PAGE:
Wednesday, September 21, 2022

Pakistan needs more help for relief after flash floods: State Dept

Blinken's adviser Chollet says that flood-related crisis in Pakistan to to play out over several months

US Secretary of State Antony Blinkens adviser Derek Chollet. — Twitter/File
US Secretary of State Antony Blinken's adviser Derek Chollet. — Twitter/File

  • Derek Chollet says flood-related crisis in Pakistan to span over several months.
  • It is hoped that int'l community will help flood-hit Pakistan, State Dept official says.
  • Chollet visited Pakistan along with other US officials earlier this month.

US Secretary of State Antony Blinken's adviser Derek Chollet said Pakistan needs more aid than the amount requested by the United Nations for relief after the widespread devastation caused by flash floods.

Talking to Geo News, Chollet said it is hoped that the international community will come forward to help flood-hit Pakistan. The crisis may be long-term due to the destruction by widespread floods in Pakistan, he said.

The United Nations has already laid out $160 million to assist the flood victims in Pakistan, he said adding the US has provided $55 million in flood relief so far. “But clearly it’s going to be more that’s needed in Pakistan,” he said.

Derek Chollet said that the flood-related crisis was going to play out over many months as large parts of the country and communities could remain underwater for quite some time.

“Then all of the secondary effects of that, whether it be food insecurity, diseases, damage to infrastructure, there’s going to be a lot of needs in months ahead,” he said, adding that the US recognises that more needs to be done to help Pakistan.

Chollet visited Pakistan along with other US officials from the Defense Department, White House, USAID and UN high-ups this month.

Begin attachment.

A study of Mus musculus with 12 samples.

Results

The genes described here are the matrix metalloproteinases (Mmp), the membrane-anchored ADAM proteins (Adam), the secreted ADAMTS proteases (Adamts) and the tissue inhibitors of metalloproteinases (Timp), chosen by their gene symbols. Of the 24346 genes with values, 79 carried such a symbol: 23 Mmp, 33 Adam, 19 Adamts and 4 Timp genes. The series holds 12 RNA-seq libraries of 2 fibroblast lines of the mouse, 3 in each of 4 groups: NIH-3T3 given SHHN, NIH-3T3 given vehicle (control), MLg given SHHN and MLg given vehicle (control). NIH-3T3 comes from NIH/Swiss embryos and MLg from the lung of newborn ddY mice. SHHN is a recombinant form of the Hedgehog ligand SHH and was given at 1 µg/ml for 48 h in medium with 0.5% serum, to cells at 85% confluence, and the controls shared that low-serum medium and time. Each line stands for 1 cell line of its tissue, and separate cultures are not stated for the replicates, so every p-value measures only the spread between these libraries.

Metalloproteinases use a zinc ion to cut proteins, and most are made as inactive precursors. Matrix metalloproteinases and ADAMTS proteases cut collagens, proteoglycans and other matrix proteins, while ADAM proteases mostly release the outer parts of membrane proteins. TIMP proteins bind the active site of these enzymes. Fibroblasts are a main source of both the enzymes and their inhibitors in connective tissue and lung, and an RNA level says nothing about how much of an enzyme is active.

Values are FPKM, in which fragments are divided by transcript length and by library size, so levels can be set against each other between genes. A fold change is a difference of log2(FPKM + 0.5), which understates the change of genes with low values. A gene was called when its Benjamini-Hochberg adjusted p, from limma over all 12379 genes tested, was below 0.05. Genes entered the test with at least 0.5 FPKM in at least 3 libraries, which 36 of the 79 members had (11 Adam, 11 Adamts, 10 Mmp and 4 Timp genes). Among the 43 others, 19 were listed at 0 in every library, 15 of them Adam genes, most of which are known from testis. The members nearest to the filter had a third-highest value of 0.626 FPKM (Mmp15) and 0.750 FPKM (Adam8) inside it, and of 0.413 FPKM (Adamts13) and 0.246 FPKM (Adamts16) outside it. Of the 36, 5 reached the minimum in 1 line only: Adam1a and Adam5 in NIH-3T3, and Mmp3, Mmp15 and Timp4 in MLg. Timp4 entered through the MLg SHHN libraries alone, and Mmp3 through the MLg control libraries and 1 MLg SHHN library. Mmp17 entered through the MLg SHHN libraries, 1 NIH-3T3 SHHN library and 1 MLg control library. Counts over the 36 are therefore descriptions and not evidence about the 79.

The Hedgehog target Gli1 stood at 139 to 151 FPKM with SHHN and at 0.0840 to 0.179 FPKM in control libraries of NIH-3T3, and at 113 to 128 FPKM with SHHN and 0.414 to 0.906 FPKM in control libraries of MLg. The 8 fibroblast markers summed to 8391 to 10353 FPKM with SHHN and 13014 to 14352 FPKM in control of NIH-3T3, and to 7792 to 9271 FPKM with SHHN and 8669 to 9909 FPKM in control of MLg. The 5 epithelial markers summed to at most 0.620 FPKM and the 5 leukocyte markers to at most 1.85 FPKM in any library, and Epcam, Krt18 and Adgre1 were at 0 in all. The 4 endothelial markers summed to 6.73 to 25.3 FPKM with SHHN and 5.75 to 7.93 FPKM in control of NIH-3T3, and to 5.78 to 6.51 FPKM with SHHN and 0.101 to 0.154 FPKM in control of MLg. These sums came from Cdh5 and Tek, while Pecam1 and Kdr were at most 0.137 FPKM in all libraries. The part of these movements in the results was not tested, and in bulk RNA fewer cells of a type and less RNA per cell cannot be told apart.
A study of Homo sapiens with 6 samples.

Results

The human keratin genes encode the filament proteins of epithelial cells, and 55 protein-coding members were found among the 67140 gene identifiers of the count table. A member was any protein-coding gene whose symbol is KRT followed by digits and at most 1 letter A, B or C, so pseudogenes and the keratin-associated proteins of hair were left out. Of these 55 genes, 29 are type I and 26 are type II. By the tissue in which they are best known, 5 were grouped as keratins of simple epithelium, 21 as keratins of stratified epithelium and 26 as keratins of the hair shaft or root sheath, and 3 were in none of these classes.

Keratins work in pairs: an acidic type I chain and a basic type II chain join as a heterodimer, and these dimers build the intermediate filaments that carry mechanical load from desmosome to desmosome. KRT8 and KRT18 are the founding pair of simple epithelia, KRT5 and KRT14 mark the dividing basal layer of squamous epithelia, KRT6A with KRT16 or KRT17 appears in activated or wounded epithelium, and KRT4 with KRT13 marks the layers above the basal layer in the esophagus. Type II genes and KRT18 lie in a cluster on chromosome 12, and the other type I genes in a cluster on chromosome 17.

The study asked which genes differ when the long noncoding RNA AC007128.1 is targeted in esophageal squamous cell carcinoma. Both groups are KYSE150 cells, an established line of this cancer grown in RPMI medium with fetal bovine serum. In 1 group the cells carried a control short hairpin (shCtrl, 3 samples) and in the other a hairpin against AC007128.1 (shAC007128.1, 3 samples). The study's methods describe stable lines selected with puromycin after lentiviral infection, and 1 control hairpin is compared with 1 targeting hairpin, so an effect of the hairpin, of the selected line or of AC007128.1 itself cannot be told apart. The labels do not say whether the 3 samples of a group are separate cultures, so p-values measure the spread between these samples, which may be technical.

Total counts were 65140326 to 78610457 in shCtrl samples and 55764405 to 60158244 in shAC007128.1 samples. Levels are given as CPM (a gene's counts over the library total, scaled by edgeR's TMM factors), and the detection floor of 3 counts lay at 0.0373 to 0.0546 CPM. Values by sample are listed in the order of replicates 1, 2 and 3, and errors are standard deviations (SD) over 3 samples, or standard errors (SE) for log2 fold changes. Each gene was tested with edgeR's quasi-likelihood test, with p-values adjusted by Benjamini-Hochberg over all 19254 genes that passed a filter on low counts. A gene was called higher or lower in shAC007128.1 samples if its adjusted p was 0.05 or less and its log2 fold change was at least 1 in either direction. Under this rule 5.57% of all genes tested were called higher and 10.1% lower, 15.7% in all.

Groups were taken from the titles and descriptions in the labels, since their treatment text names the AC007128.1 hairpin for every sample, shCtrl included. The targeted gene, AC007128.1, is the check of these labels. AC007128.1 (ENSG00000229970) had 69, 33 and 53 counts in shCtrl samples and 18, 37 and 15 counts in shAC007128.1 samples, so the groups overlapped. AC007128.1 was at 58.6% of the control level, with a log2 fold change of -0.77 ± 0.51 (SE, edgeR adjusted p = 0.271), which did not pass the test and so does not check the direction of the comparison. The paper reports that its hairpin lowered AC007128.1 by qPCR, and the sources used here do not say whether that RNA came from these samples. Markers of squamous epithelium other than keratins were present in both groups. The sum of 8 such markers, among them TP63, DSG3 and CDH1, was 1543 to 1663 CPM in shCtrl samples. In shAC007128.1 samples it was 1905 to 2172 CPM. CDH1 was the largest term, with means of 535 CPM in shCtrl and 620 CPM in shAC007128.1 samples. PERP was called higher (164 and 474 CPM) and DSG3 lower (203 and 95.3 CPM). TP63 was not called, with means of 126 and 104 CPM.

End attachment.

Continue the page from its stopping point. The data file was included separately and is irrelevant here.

He underlined that the State Department is going to be working with US government entities, the private sector and the community here in the US to see what more could be done for Pakistan. He also said that the World Bank would be doing an assessment of what Pakistan needs and “that will help provide a benchmark for the international community of what more could be provided.”

“You have seen US military aircraft land in Pakistan filled with supplies for the Pakistani people. This is something we really need to stay focused on to try to help Pakistan in its desperate need,” the State Department official said fearing that given the amount of standing water, the possibility of mosquito-borne disease was quite high. 

“This is something I know the government of Pakistan is very focused on as we are as well here in the United States.”

He hoped the international community was going to step up and be there for Pakistan, but then there was a massive humanitarian crisis going on in Europe too. 

“The US is going to do its part, our conversations in the coming week in New York around the General Assembly will remain focused on the flood situation and we’re going to remain very closely coordinated with our colleagues throughout Pakistan,” he maintained.

Responding to a question about the UN Secretary General’s appeal to reschedule Pakistan’s debts, the State Department official said that the recent IMF decision [revival of loan programme for Pakistan] was very important but when it comes to Pakistan’s economy, clearly this flood situation is going to exacerbate the significant challenge the Pakistani government faces.

“The economic devastation caused by the flood situation is something that we will have to take into account in assessing how to help Pakistan,” he said.